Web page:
Patty Wight

News Producer

Patty is a graduate of the University of Vermont and a multiple award-winning reporter for Maine Public Radio. Her specialty is health coverage: from policy stories to patient stories, physical health to mental health and anything in between. Patty joined Maine Public Radio in 2012 after producing stories as a freelancer for NPR programs such as Morning Edition and All Things Considered. She got hooked on radio at the Salt Institute for Documentary Studies in Portland, Maine, and hasn’t looked back ever since.

Ways to Connect

Patty Wight / MPBN

Seeing the doctor is now only a few clicks away, thanks to new apps that allow you to do virtual visits on your computer, smartphone or tablet. Anthem Blue Cross and Blue Shield announced today that it's covering video visits for most of its Maine members when they use the Internet tool LiveHealth Online. Many see the development as a major step forward in convenience and access to health care.

Patty Wight / MPBN

Cancer treatment has traditionally involved intravenous chemotherapy. But that's starting to change. Research has shown that chemotherapy pills can be more effective. The problem is that chemo pills can cost thousands of dollars per prescription, which puts them out of reach for some patients. But a new law in Maine will soon change that.

Donna Brookings has fought cancer twice. The first time was in 2005. It was breast cancer, and once a week she would go to the hospital and sit in a chair for 3-4 hours while intravenous chemotherapy pumped into her veins.

A group of residents of Owls Head will continue to have access to a beach following a Superior Court decision this week. A New York couple who owns a house in Owls Head had filed suit against the town and their neighbors to try to limit access to what they believed was their own private property.

Patty Wight / MPBN

Going to the doctor is not typically at the top of anyone's want-to-do-list, especially for teenagers, who are considered an underserved population in health care. But adolescence is considered a critical time for physicians to connect with young patients as they confront risky behaviors. To build stronger relationships with teens, medical students are increasingly training with simulated, or so-called "standardized patients" for practice.

Third-year medical student Allie Tetreault opens the door to an exam room at Maine Medical Center and greets her 16-year-old patient.

Patty Wight / MPBN

AUGUSTA, Maine — The list of ingredients in cosmetics, lotions and soft vinyl plastics could soon have a new addition. The Department of Environmental Protection today took up a proposal to require manufacturers to report use of phthalates. Phthalates are hormone disrupting chemicals that can cause developmental and reproductive problems. More than 2,000 concerned Mainers say it's time consumers know what's in the products they're buying.

Mal Leary / MPBN

AUGUSTA, Maine — Maine Gov. Paul LePage says in the wake of a recent failed bid to qualify for federal certification, Riverview Psychiatric Center here should consider operating without it. Riverview lost its certification last September due to safety issues, and along with it about $14 million in federal funding, according to state estimates. The hospital has been working to improve ever since, but problems persist.

Patty Wight

President Obama recently thrust a Maine businessman into the social media spotlight. The president used Facebook and Twitter to link to an online video of Auburn businessman Jim Wellehan supporting a hike in the federal minimum wage. Wellehan has gained recognition for the way he treats his own employees at Lamey-Wellehan Shoes.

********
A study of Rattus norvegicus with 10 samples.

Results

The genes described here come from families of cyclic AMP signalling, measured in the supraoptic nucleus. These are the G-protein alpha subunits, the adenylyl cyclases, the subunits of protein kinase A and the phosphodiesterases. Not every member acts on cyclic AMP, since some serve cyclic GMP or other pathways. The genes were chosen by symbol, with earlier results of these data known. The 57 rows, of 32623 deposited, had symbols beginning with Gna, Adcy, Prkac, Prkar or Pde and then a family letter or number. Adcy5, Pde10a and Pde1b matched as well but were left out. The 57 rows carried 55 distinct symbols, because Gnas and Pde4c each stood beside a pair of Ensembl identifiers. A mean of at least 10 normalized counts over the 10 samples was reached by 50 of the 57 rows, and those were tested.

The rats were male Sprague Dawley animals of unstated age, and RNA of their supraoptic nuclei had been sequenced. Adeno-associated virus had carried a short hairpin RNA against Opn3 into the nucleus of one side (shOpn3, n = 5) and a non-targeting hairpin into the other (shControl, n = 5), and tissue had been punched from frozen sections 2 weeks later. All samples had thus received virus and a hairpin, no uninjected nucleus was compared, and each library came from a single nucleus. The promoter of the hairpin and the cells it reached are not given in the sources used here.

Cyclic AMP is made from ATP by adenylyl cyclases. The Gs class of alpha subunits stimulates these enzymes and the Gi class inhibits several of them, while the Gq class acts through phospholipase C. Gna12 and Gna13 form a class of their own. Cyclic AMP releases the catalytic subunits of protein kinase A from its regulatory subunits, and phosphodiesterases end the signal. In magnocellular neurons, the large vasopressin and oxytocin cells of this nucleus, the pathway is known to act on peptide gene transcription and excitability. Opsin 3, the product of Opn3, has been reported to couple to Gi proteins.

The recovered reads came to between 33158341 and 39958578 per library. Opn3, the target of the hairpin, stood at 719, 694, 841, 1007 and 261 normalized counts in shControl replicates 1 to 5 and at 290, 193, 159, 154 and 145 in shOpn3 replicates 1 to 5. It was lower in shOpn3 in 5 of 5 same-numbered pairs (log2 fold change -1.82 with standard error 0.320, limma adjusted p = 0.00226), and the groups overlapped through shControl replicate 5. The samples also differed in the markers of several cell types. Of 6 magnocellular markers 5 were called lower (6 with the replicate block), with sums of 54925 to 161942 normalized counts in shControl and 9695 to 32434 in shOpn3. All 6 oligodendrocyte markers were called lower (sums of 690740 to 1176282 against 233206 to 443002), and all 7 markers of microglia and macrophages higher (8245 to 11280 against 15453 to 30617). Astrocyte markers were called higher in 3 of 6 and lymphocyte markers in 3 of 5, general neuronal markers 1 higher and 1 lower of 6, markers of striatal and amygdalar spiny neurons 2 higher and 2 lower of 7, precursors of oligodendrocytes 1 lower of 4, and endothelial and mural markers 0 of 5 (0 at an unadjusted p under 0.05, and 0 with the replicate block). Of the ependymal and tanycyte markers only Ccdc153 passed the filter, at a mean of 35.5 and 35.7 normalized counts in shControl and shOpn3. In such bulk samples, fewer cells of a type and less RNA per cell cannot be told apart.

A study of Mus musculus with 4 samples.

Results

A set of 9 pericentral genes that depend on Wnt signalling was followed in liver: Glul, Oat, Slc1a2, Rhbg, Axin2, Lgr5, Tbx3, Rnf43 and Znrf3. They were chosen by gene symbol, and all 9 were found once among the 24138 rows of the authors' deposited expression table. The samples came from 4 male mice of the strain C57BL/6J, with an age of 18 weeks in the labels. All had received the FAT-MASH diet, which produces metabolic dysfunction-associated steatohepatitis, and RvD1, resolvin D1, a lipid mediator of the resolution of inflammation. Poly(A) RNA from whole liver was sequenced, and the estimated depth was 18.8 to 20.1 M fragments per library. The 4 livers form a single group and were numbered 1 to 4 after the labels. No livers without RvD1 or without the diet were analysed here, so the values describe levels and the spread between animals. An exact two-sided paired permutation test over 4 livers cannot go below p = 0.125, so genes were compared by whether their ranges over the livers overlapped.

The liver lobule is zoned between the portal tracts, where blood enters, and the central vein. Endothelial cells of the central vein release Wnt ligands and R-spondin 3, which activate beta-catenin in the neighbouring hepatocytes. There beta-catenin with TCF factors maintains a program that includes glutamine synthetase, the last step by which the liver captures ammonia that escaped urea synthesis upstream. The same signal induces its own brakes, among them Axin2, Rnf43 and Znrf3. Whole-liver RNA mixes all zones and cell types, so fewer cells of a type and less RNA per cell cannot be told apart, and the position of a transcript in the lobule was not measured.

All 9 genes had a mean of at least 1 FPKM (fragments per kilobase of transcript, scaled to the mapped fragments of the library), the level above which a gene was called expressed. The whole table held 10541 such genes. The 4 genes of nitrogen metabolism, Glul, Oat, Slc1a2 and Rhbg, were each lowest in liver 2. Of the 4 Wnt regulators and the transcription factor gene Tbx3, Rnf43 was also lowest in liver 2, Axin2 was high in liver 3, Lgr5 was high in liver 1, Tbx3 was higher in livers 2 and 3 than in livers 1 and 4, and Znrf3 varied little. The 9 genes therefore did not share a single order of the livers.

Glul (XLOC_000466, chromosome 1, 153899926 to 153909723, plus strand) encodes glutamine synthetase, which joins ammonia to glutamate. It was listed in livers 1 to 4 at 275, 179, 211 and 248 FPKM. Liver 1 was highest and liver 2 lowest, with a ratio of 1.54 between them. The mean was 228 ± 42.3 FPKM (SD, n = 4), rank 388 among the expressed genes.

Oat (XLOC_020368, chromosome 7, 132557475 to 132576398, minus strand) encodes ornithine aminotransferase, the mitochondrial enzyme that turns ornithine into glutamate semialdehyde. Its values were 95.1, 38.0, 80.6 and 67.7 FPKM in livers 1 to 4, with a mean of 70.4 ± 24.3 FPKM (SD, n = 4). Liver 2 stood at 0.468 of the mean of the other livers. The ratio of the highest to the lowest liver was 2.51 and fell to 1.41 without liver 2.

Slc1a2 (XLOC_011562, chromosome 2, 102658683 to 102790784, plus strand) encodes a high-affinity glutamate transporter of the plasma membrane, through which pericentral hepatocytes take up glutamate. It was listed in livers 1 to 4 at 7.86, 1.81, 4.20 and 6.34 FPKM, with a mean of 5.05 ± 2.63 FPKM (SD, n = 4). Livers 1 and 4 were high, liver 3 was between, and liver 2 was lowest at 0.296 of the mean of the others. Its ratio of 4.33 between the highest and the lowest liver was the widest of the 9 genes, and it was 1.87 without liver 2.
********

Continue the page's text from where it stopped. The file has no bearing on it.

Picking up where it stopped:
Patty Wight

Sometime next month, Portland Rabbi Akiva Herzfeld plans to move to Israel. The region has seen a surge in violence since the abduction and murder of three Israeli teens in June and the subsequent killing of a Palestinian teenager.

Patty wi

Arsons accounted for more than 150 fires last year in Maine. They killed three people, injured more than a dozen and caused more than $4 million worth of property damage. The state Fire Marshal's Office investigates thousands of fires a year to determine which are crimes, and increasingly relies on arson dogs to help with the investigations.

Oxford County sheriff's deputies say they are among the lowest paid in the state. With a starting salary just under $15 an hour, they want a $3 an hour pay raise. The group has been working without a contract for two years and will picket in front of the South Paris courthouse tomorrow morning to draw attention to their situation.

Patty Wight

The popular TV singing contest program "American Idol" sent its scouts to the Maine State Pier in Portland today, where would-be stars braved the blazing sun and long lines for a chance to compete.

Patty Wight

When Somali immigrants come to the U.S., they often leave many family members behind. Many Somali immigrants serve as a lifeline for these family members, sending more than $200 million back home every year, according to OxFam America.

Tom Porter

The Portland City Council tonight is expected to repeal an ordinance that allows for a protest-free buffer zone around a downtown health clinic that provides abortions.

Patty Wight

Finding meaningful work can be tough in today's job market. And finding it as a refugee with language and cultural barriers is even tougher. One Maine program is working to connect refugees to work that they already know: farming. And one farm in Lisbon has proved to be crucial training ground to help refugees become self-sufficient.

Martin LaBar

Bee-lovers who ply nurseries for welcoming plants may be bringing home more than just beautiful blossoms: A new study finds that as many as half of garden plants sold at top retailers contain neonicotinoid pesticides. "Neonics," as they're referred to, have been linked to recent declines in the honey bee population.